Restaurateur/butcher Kounoupis dies at 69

Hard-working Greek immigrant ran Townhouse Restaurant, Route 7 Diner, Latham Meat Market
Restaurateur/butcher Kounoupis dies at 69
The Route 7 Diner in Schenectady closed due to the death of the owner, shown on Monday, May 21, 2018.
Photographer: Erica Miller/Daily Gazette Photographer

LATHAM — Two area diners and a meat market were closed Monday, as friends and family said goodbye to the owner.

Peter Kounoupis, of Latham, died May 15 at age 69. A relative told The Daily Gazette he didn’t know what would become of the Latham Meat Market, the Route 7 Diner in Latham or the Townhouse Restaurant on Schenectady’s Northside, after Kounoupis’ funeral Tuesday morning at St. George Greek Orthodox Church. 

Both eateries were closed on Monday. A sign on the door of the Schenectady diner said it would be closed Monday and Tuesday due to a death in the family. A sign on the door of the Latham diner said it was closed due to the death of the owner, but it did not specify when it would reopen.

Konstantinos Kounoupis, of Rotterdam, said he and Peter and their late brother Jimmy all were Hellenic Army paratroopers in their youth. One by one, the whole family — the three brothers, sister Katina, their parents, Chris and Anna — left their hometown of Sparta for America in the 1960s and early 1970s.

Konstantinos said all of the siblings worked in the food industry: James and Peter owned the meat market together, then Peter took over the two diners. Katina and her late husband, Constantino, had Katina’s Diner on Curry Road. Konstantinos himself worked many years at other people’s diners, briefly at Latham 76 and then for more than 30 years at Spot Diner in Binghamton.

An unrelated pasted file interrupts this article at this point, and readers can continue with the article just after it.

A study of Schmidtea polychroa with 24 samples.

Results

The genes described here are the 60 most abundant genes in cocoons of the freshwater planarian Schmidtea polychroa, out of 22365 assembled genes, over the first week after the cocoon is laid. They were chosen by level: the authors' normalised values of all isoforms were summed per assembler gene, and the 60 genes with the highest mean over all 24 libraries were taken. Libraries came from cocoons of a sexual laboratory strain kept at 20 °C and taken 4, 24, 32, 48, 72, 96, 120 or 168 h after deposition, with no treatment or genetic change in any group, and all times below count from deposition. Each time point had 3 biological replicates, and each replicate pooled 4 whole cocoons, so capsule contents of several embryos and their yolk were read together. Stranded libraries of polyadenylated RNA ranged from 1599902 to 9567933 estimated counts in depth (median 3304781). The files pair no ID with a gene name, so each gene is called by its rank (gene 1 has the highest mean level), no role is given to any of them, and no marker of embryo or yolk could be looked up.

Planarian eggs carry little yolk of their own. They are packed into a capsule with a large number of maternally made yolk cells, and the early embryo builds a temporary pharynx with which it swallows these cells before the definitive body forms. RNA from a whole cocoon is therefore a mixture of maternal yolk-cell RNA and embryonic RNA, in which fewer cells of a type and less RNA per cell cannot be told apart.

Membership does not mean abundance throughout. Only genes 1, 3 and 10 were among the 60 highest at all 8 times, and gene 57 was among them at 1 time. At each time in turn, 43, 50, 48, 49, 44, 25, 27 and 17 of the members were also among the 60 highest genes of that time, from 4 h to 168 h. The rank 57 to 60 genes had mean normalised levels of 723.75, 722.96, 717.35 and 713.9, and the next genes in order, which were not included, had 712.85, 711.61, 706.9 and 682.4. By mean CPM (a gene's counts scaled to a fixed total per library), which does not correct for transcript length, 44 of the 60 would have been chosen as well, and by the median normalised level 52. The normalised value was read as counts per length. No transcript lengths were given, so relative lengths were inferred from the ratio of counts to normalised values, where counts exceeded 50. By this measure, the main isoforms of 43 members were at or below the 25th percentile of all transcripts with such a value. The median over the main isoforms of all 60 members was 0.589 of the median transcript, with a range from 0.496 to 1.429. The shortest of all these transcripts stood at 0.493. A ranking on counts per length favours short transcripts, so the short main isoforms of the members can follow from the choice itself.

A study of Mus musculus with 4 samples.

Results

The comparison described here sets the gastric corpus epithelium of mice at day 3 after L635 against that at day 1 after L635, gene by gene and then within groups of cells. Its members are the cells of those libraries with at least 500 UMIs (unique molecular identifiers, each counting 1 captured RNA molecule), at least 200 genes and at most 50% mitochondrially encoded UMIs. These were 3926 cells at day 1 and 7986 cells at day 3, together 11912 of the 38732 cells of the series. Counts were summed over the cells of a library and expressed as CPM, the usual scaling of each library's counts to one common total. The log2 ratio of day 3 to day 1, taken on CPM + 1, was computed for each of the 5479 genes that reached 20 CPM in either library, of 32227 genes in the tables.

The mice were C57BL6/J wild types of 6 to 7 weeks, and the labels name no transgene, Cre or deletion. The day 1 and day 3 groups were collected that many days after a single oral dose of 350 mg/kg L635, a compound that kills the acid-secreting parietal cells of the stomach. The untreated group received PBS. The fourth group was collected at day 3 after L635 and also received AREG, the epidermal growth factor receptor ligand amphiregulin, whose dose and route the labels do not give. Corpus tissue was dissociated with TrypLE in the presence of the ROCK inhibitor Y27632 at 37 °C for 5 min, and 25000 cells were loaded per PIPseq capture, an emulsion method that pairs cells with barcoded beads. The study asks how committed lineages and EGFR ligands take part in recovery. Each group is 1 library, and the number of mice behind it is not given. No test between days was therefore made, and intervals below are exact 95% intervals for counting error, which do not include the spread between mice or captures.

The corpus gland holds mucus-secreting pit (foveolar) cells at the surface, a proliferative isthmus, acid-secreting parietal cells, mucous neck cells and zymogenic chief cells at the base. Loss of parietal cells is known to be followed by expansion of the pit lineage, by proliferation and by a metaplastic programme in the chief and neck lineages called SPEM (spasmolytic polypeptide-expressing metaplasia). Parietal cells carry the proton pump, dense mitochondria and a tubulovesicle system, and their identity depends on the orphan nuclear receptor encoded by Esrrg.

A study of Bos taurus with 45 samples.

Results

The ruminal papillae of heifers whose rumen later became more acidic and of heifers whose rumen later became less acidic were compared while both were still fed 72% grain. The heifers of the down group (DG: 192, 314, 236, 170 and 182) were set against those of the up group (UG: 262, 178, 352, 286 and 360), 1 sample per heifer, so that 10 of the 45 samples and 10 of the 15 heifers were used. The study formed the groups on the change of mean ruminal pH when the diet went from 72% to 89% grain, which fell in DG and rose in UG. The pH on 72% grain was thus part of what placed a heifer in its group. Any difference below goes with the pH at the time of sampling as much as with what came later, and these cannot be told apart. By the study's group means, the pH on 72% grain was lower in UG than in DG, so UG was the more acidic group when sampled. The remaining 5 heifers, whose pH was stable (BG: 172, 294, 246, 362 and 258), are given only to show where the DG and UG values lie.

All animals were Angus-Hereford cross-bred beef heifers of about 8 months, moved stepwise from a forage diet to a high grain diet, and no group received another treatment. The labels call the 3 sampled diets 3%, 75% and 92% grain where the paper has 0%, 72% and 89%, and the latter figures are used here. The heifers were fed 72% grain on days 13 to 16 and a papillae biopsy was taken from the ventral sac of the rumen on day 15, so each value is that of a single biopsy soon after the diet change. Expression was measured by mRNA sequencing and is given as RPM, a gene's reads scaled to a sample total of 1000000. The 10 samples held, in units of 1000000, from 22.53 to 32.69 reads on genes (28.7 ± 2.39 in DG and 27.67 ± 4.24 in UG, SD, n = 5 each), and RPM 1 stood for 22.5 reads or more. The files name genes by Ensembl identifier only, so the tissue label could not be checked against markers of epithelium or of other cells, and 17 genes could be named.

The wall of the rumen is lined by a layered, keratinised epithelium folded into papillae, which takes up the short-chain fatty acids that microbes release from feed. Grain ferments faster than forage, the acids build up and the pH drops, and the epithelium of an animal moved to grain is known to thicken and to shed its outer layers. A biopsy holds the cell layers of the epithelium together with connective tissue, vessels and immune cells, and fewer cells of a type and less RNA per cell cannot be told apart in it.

The work ethic of the post-war generation of Greek immigrants, combined with the demands of being the owner-operator of a diner, put a lot of wear on the body, Konstantinos said. Constantino was 64 when he died, and James was just 61. Peter, the youngest of the siblings, was 69.

“He was worked 24/7, like a slave,” Konstantinos said. “Too many hours, too many businesses.

“From the first time opening the meat market, oh my God.”

Cigarettes also took a toll: James and Peter were both heavy smokers, their brother said, and both developed lung cancer. In Peter’s case, the cancer spread through his body.

Peter got into the diner business to settle debts owed to the meat market, Konstantinos said. Cutting meat was his first trade, not running a restaurant.

“Both brothers were butchers but Peter was the best,” he said. “Jimmy was good, but Peter was better.”

Konstantinos said he remained close to his brothers over the years, but not to their businesses. He didn’t know what would happen to them now.